A second term is not a lock for Mayor Tall, who's proven that the very tall among us aren't guaranteed to be the best equipped to handle the optics of running a city and not getting tangled in a donation net of your own making. And while the threats by this person or that person to run for mayor have been looming, one of the mayor's many detractors is putting his money where his mouth is, announcing a run for mayor today. Or well, not his money, more like charter school and real estate money, as real estate executive Paul Massey of global real estate services company Cushman & Wakefield announced he'd be running for mayor next year.
In his press release, Massey said that today was the day he formally filed papers with the New York City Campaign Finance Board to create the "Massey for Mayor 2017" committee. And you're gonna want to keep that name in mind when you check out the Campaign Finance Board searchable database, because Massey has immediately turned down the city's public financing option. Back in May he told The Real Deal that his campaign was "going to raise boatloads of money" from his friends in the business community. Ah, more money in politics. Seems like a good strategy, cozying up to rich people who might later have favors to ask, definitely something that isn't causing the current mayor fits.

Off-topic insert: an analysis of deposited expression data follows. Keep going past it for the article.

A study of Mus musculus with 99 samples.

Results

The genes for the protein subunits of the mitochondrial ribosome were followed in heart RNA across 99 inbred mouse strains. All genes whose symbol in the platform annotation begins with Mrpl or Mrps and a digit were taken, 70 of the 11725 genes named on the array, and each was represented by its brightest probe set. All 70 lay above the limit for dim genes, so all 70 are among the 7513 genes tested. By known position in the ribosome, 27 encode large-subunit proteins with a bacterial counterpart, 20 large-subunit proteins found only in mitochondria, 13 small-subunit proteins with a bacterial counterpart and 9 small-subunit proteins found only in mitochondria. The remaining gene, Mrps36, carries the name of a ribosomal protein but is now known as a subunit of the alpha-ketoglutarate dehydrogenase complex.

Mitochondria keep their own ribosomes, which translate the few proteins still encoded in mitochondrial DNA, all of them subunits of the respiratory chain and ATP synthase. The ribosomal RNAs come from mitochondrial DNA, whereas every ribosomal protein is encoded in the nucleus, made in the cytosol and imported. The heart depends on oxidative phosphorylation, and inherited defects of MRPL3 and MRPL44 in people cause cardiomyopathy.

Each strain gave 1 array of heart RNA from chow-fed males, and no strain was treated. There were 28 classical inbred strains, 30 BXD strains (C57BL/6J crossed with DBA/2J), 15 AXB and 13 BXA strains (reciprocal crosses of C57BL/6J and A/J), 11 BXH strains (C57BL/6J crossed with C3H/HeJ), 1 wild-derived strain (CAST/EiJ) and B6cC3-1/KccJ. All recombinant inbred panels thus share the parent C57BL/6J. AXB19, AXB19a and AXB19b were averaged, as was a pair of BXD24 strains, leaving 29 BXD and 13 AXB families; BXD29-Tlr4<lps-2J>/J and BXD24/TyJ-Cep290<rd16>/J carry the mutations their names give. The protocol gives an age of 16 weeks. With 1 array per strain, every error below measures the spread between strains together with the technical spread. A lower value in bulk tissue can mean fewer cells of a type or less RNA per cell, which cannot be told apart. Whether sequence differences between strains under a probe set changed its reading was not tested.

Massey, a registered Republican, also took direct aim at the rhetoric that got de Blasio elected, proclaiming that "This is not a tale of two cities; this is the world’s greatest city and diversity is our strength," and that he'll govern on Fiorello LaGuardia's maxim that "there's no Democratic or Republican way to pick up the trash." That famous quote might not be as relevant as it once was though, as there's clearly a Democratic and Republican way to piss people off with your snowplow choices.
While Massey, who'll be running as a Republican, is just the first potential de Blasio opponent to enter the 2017 race, there's a big slate of people who have been rumored to have interest in the election. So keep an eye out to see if Massey is the first of many people to declare, and then be sure to see who Governor Cuomo endorses at a rally in front of de Blasio's Park Slope home.